I wake up in every morning burrowed under the pillows on the living room sofa, while my nemesis, Albert the Cat, slumbers on the bed in the bedroom. I do not complain. It is my duty to protect the casa from intruders, and only the living room allows me to patrol the perimeter, plus late-night television.

I am Pepe el Macho. I may appear to be a small purse-sized dog. After all, I am only five inches tall (seven if you count my ears) and seven pounds. But my courage is muy grande. I am a private investigator, along with my companion, Geri Sullivan.

Compadre. That is what I would Geri in my own language. That is a word I have carefully chosen as many others are inadequate for describing the animal-human relationship. For instance: “owner.” Do you realize that human law considers us mere property? And since I was rescued from a pound (I was part of a shipment of forty Chihuahuas flown up to Seattle from Los Angeles), my value in dollars would be nada. Ridiculous!

One might also call me Geri’s caretaker. After all without me, who would walk her daily to be sure she is getting adequate exercise and fresh air? And who would be sure she eats at regular intervals? (I achieve this by going into the kitchen and staring at the cupboards.) And who would help her solve her cases?

Geri got her first job working as a PI on the very same day she adopted me. I ran ahead of her into the open door of the mansion where we were supposed to meet our first client and found a corpse on the carpet. You can see how useful I am! And if you wish to learn how that turned out, you should read Dial C For Chihuahua. I cannot tell you more as I would not want to spoil your pleasure in reading of my adventures.

As soon as I wake up, I turn on the TV so I can watch my favorite telenovella, Paraiso Perdido. Today the lovely Conchita is running through the corridors of a hospital, hiding from Homer, the villain. He knows she is the sole witness to his attempt to murder her lover. Just as he notices the points of her silver shoes sticking out from underneath a curtain in the emergency room, the show ends for the day.

Click! Geri turns off the TV and tells me our boss, Jimmy G., has a new case for us. After I make sure Geri has eaten breakfast and gone for a brisk walk, we hop into her beat-up old green Toyota and drive into downtown Seattle to meet with Jimmy G. at his office.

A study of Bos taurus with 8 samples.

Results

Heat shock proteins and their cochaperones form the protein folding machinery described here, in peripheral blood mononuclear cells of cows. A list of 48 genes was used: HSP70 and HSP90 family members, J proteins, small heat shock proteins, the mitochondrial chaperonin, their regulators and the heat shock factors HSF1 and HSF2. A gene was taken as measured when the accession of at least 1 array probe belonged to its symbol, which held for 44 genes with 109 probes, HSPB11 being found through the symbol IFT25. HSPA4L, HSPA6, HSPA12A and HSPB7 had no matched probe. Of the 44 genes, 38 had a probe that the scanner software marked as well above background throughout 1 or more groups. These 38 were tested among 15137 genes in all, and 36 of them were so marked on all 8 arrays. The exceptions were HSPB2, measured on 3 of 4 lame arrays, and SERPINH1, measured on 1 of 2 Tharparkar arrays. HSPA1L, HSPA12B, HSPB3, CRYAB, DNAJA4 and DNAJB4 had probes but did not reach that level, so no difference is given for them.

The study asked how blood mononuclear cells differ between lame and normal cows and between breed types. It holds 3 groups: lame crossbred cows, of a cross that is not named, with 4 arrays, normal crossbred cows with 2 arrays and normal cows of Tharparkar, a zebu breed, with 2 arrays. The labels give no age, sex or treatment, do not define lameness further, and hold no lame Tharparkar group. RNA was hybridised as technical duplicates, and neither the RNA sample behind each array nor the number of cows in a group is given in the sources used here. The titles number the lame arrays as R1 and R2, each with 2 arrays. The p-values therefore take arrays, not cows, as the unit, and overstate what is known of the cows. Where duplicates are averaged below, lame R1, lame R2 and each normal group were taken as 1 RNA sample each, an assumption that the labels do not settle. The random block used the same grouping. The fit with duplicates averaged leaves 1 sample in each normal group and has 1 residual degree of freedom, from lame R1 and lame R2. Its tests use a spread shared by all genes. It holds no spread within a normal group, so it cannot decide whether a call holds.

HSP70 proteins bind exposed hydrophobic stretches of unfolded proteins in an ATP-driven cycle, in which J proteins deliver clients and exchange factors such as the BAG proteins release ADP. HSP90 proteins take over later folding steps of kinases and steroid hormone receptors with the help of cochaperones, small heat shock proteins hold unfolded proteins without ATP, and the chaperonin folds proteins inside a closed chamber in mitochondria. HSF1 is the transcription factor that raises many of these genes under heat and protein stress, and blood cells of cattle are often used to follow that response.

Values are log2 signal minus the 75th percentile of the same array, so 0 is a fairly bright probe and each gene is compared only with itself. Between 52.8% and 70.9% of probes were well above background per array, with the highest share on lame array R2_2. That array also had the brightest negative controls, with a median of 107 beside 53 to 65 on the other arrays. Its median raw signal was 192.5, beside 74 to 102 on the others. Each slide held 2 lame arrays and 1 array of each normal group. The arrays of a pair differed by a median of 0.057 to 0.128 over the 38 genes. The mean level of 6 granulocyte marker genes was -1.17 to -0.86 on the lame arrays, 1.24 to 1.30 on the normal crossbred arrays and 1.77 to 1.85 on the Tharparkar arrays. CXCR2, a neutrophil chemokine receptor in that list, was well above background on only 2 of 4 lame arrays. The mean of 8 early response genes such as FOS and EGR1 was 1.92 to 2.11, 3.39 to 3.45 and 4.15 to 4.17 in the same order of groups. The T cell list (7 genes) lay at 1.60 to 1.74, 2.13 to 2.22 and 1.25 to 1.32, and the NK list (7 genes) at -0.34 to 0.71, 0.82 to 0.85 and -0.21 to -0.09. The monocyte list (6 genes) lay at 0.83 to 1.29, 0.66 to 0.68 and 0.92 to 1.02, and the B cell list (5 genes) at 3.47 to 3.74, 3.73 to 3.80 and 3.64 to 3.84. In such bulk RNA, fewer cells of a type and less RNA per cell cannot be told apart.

“Hiya, doll,” he says to Geri. “And hey to the rat-dog too.” Apparently he means this affectionately. “Jimmy G. has a case that is right up your alley!” For some reason, Jimmy G. always talks about himself in third person. “It involves a dog.”

I start dreaming about a bitch, with strong aroma and luscious fur, like mi amor, Siren Song, the luscious Pomeranian. But alas, she is in Los Angeles on the set of Dancing with Dogs. Would that I were there dancing with her!

Jimmy G. goes on to say: “The dog’s name is Dogawanda. Have you heard of him?”

I have not. So Geri fills me in. “He’s an ancient warrior dog who speaks through a channeler, a woman by the name of Sherry Star. He has quite a following.”

“Crazy folks!” said Jimmy G., shaking his head.

“Maybe not so loco,” I point out. “I think all humans could learn much by listening to dogs. I would like to have a following myself.”

Jimmy G. tells us we are supposed to go undercover in the group and deliver a message from a husband to his wife who has joined the group.

“Should be simple.” Jimmy G. says, rolling his eyes. “Unless you fall for their line of B.S.”

“Don’t worry, Jimmy G.,” Geri says. “I’m too smart to fall under the spell of a dog.”

Do I need to point out the irony in that statement?

You can read more about Pepe and Geri in Dial C For Chihuahua, the first book in the new “Barking Detective” mystery series.

Meet the author
Waverly Curtis is the pen name of Waverly Fitzgerald and Curt Colbert.

Curt Colbert is the author of the Jake Rossiter and Miss Jenkins mysteries, a series of hardboiled, private detective novels set in 1940’s Seattle. The first book, Rat City, was nominated for a Shamus Award in 2001. A Seattle native, Curt is also a poet and an avid history buff. He is the editor of Seattle Noir, a collection of crime stories published in 2009. He was a judge for the Edgars in 2008 and is a member of the Mystery Writers of America. Curt and his wife live in a Seattle suburb under the thrall of their cat, Esmeralda.

Waverly Fitzgerald is the author of four historical romances set in Victorian London under the name of Nancy Fitzgerald. She has taught writing classes for adults at the UCLA Writers Program, the University of Washington Extension, and Richard Hugo House, a literary arts center in Seattle. Waverly is also the author of Slow Time: Recovering the Natural Rhythms of Life. She lives in an apartment in the heart of Seattle with her daughter, Shaw, and Shaw’s Chihuahua, Pepe.

Waverly and Curt met in a writing class in the late 1980s and have been working together ever since. When Curt came up with the idea of a mystery featuring a talking Chihuahua named Pepe, Waverly asked if she could help and the collaboration began. Curt loves to start chapters; Waverly finishes them. Curt loves to elaborate and Waverly likes to edit. Curt’s humor is broader while Waverly’s humor is more situational. Together they are an unstoppable mystery novel writing team.

Pepe is an eight-year old Chihuahua, adopted by Waverly’s daughter Shaw, when he was a puppy. He likes stuffed toys, especially if they squeak. He hates the rain, which is unfortunate since he lives in Seattle. Like his namesake character, he hates being dressed up and thinks he is much bigger than he is. Unlike his namesake, he has a sweet disposition and doesn’t talk much, but he does have his own Facebook page.

For more information on the adventures of the fictional, Pepe Sullivan, check out our website at www.thepepenovels.com

Books are available at retail and online booksellers.